Urgent Museum Notice

Michal Rovner

A woman with a light skin tone and short hair turns slightly to the right, looking past the viewer. She wears two layers, blue under black, and an expression of inquiry or listening. The white wall she is in front of has the projected image of groupings of black vertical lines.

Photo by Daniel Tchetchik

Born in 1957

As a young woman, Rovner described her love of dance as “exerting my authority over matter.” She abandoned dance after her compulsory military service, but it still informs her video works.

While studying at Tel Aviv University, Rovner co-founded Camera Obscura, the city’s first photography school. In 1987, after further studies at Jerusalem’s Bezalel Academy of Arts and Design, Rovner moved to New York. She worked with photographer Robert Frank and took inspiration from Gerhard Richter’s photographic ready-mades.

Rovner has since developed a style of multimedia art emphasizing abstraction, beauty, and metaphysical contemplation. Though some of her work is political, the artist says that it is broadly concerned with the human condition.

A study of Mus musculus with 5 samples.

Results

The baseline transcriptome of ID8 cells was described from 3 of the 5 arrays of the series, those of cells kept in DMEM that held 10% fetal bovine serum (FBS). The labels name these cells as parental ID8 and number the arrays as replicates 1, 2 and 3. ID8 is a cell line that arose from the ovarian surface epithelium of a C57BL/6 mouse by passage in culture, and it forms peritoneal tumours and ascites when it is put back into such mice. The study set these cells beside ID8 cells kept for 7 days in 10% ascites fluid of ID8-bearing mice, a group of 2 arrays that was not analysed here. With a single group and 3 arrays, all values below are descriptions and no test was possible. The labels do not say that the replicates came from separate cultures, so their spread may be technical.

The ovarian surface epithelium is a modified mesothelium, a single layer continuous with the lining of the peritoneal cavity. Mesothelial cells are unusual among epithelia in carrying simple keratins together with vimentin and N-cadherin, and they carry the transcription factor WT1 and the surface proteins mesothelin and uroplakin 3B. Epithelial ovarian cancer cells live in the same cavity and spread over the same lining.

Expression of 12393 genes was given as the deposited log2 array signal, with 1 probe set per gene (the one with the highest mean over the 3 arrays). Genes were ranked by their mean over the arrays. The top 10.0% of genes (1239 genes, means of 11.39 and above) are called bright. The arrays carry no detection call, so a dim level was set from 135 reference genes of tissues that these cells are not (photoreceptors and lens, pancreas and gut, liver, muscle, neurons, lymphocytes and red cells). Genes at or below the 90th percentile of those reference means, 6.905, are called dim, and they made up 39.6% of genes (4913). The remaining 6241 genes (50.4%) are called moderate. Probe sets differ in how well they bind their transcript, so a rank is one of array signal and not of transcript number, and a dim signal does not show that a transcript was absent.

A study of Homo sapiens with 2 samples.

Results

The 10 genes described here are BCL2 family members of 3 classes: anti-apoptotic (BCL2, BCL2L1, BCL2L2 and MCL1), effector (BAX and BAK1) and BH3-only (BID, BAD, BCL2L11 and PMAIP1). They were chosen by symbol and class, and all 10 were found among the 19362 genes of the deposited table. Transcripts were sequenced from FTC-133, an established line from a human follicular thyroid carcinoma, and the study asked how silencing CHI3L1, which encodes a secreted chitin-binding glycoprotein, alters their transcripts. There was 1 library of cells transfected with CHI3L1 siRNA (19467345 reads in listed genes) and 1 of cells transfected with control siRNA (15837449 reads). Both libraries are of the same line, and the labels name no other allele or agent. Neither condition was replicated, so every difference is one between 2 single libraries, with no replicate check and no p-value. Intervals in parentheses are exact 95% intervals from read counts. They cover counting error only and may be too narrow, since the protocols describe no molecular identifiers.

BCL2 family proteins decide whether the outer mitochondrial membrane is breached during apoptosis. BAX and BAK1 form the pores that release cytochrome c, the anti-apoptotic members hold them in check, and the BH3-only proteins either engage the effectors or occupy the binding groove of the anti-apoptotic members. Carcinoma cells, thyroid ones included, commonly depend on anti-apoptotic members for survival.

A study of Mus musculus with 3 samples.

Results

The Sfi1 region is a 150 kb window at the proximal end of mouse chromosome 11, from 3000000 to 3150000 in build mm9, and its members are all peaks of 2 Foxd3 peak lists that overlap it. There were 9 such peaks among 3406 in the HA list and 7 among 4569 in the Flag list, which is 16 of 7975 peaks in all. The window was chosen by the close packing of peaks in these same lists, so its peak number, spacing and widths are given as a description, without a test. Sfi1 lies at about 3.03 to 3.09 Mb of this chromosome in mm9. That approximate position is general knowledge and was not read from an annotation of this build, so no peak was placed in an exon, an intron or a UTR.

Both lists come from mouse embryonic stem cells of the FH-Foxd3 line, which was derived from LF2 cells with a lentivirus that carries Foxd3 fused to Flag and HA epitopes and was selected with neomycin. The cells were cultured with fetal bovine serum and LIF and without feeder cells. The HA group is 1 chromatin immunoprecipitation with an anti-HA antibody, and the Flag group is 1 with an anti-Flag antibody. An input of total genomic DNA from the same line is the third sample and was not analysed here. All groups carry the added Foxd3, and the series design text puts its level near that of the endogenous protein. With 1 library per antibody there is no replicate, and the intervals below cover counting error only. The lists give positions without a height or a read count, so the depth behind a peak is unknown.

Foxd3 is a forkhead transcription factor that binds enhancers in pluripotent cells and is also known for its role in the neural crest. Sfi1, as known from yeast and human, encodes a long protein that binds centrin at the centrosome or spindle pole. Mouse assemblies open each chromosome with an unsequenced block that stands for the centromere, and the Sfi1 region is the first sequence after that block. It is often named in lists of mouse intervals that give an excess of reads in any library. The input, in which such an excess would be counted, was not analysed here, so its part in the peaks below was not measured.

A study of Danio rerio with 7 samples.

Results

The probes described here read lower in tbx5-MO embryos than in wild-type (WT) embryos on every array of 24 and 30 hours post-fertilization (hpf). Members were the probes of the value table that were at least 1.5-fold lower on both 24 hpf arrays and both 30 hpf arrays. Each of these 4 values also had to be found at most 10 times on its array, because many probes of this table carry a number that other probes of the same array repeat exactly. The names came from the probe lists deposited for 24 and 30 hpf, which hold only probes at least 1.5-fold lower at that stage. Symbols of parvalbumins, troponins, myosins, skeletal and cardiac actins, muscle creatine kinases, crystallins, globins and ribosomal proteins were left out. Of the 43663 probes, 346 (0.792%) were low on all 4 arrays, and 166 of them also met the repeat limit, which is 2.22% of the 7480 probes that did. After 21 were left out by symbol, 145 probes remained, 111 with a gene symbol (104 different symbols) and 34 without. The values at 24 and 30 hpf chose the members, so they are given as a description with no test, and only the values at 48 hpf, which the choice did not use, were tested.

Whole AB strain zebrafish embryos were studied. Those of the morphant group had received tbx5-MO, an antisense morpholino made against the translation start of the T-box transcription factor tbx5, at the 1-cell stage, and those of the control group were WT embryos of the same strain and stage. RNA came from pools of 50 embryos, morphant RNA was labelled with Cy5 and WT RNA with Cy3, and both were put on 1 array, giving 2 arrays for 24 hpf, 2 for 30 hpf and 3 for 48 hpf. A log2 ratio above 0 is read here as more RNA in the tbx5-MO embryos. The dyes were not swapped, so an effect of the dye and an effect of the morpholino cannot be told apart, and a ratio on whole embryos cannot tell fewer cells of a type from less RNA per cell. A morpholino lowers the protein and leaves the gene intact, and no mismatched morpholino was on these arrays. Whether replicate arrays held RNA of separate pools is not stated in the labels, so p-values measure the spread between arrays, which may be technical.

She often plays with viewers’ perceptions and explores the human relationship to the environment. What initially appear to be arrangements of abstract forms reveal themselves as flocks of birds or people floating in the Dead Sea upon closer inspection. Rovner has also projected organic figures on ancient limestone. The New York Times has called her works “haunting metaphors for our lives.”

Rovner has mounted more than 50 solo exhibitions and received many awards, including France’s Chevalier de l’Ordre des Arts et des Lettres. She represented Israel at the 50th Venice Biennale and was the first artist permitted to install works on the Louvre Museum’s Cour Napoléon plaza.

Artist Details

  • Name

    Michal Rovner
  • Birth

    Tel Aviv, 1957

Works by Michal Rovner

Data Zone, Cultures Table #3

The petri dishes in Michal Rovner’s Data Zone, Cultures Table #3 initially appear to contain pulsating bacteria or DNA. A closer look reveals that the swarming dark specks are masses of tiny, silhouetted people seen in bird’s-eye view. The images are projected in an endless loop onto the petri dishes using miniscule video monitors. Rovner created this captivating work by recording groups...

Bright and sterile photograph of two petri dishes containing what appear to be bacteria cultures and lit from beneath. Upon closer inspection, the bacteria cultures are masses of tiny, silhouetted people photographed from above.